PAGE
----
Entrepreneur Beginners Guide
“Borrow Money from a Bank before You Need It”
A bank is a place that will lend you money if you can prove that you don’t need it. —Bob Hope, comedian, actor
When Lehman Brothers filed for bankruptcy in fall 2008 signaling the start of the Great Recession, I had a clear premonition that things were going to get bad really fast.
The announcement of the collapse was especially untimely for me. During the same period that the investment bank’s epic failure made national news, my wife and I were married. To remember our joyous union, we saved the newspaper from that beautiful fall day. The headline of the Atlanta Journal-Constitution read, “U.S. Tries Hands-On Bank Fix.” The article stated, “The United States and the globe’s other industrial powers pledged to take ‘decisive action and use all available tools’ to prevent a worldwide economic catastrophe.” It was yet another harbinger of economic calamity, the proportions of which had not been seen since the Great Depression. I told my wife, “If the economy collapses, at least we have each other, honey!”
Likewise, the timing couldn’t have been worse for my business. Almost immediately, the business. deteriorated. Companies began to go into survival Mode. Many of my best clients called to cancel orders. Companies that I had long-term relationships with severed ties. New prospects showed no interest in buying. Financial experts warned of the impending credit crunch. My company’s cash flow position was getting worse everyday. I couldn’t stand around and watch my company slowly die. I was desperate to save it, so I decided to explore all options, including getting a loan from a major bank.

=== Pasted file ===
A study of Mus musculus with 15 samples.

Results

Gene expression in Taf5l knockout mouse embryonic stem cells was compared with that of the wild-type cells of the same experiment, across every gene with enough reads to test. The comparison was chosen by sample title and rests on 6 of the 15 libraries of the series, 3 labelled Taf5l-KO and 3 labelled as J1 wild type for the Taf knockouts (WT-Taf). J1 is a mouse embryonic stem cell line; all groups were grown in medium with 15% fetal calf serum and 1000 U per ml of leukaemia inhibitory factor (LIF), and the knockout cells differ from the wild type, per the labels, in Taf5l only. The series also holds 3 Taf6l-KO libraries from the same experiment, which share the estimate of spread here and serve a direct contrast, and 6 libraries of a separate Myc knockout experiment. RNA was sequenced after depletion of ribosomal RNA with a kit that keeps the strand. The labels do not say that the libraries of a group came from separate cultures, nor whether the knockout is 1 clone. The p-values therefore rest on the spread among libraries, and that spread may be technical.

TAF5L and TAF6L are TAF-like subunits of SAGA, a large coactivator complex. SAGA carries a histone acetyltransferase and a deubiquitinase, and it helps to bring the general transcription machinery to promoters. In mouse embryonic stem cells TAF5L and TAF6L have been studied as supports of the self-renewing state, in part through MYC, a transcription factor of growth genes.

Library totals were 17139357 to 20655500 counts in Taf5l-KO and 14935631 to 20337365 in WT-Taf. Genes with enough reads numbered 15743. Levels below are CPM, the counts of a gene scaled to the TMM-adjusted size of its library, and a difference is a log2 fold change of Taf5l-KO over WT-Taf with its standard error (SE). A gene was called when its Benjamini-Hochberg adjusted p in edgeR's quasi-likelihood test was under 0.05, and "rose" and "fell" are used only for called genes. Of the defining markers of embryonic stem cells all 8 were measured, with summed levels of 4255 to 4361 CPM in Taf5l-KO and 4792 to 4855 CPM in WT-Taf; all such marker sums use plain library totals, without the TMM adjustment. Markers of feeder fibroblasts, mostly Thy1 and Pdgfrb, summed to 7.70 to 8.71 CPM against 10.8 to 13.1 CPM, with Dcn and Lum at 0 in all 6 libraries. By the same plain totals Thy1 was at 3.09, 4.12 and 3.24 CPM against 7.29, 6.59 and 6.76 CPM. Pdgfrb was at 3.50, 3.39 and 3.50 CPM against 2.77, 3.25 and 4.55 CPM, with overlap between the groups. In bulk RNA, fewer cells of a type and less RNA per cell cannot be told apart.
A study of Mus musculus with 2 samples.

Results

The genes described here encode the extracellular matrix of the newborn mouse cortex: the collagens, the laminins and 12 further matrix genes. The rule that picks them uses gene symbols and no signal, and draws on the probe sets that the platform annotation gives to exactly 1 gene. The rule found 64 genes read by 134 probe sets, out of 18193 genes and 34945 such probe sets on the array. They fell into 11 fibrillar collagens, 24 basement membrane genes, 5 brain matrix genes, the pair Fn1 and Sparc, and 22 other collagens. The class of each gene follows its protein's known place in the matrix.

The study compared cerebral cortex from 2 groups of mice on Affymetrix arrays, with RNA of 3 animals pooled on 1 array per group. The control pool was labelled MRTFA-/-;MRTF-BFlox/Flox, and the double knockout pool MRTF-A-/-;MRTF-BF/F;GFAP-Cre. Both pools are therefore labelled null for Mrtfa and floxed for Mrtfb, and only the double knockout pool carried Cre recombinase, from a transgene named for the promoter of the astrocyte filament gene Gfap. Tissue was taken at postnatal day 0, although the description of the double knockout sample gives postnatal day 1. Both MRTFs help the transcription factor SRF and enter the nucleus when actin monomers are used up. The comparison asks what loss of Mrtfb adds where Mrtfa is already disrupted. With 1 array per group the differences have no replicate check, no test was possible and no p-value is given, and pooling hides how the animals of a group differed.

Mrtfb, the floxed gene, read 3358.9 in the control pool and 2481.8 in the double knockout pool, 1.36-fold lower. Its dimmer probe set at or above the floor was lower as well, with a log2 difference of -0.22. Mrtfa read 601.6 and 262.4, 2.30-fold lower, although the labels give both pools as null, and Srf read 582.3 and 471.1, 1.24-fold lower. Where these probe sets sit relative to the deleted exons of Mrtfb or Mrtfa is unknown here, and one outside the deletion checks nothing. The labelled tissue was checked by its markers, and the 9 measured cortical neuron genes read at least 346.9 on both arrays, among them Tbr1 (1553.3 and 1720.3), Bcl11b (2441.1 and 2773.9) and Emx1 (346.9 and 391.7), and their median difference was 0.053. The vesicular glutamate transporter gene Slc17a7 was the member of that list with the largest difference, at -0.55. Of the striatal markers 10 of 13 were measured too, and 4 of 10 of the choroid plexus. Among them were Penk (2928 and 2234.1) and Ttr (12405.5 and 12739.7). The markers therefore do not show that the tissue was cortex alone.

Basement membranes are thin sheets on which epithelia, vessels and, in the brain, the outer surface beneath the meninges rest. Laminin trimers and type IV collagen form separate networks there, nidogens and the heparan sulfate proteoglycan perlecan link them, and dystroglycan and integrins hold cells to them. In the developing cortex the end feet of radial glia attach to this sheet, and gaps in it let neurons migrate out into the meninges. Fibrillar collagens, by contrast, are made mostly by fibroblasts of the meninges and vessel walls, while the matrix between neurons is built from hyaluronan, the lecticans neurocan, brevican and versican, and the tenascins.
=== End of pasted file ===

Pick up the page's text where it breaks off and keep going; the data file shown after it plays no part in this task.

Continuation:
Not expecting much, I consulted with one of my trusted bankers at Washington Mutual. She told me that I had no good options. Considering the recession and my poor cash position, no financial product available could help my company. She added that few businesses were receiving financing at the time. Hardly any credit lines were being extended. Likewise, hardly any installment loans were issued. The bank was open, but really it was closed.
With no reasonable options, I sourly remembered what an experienced banker had told me years before: “Borrow money from a bank before you need it.” It made sense when I had heard his words, but I never followed his advice. I had waited too long, and here I was hoping that a bank would save my company when ironically the bank needed saving itself (Washington Mutual was acquired by Chase a few months later.) Instead of relying on a cash infusion from a bank to help my company weather the economic storm, my team and I would have to survive the old-fashioned way by hitting the pavement and working harder than ever. I learned my lesson.
Banks prefer to lend to businesses that already have money and show signs of good financial health. Why? These businesses are most likely to pay back loans and thus are a low risk. On the other hand, distressed companies are a high risk and won’t find many conventional loan products at a major bank. They must seek alternative financing that invariably carries higher interest rates. Sounds counterintuitive, but banks and many other lending institutions operate this way. In another example of reverse logic, few people know that banks consider deposits liabilities, not assets.
When your company is experiencing high growth and increased revenues, strengthen your capital structure. For example, apply for additional credit lines or request an extension of your-current lines. Moreover, apply for an installment loan if appropriate to fuel more growth. Also, raise money from investors. As the economy shows small signs of recovery, banks are promoting new products and beginning to take greater risks. Take advantage of these opportunities.
Entrepreneurs must be mindful that recessions and economic downturns are inevitable. If you are in business long enough, you will experience one. Preparing your company to weather these storms is part of your job. One of the best ways to do this is to secure your company’s financial welfare by applying for and receiving credit when you don’t need it. If you wait until you need it, you could have the same fate as Lehman Brothers.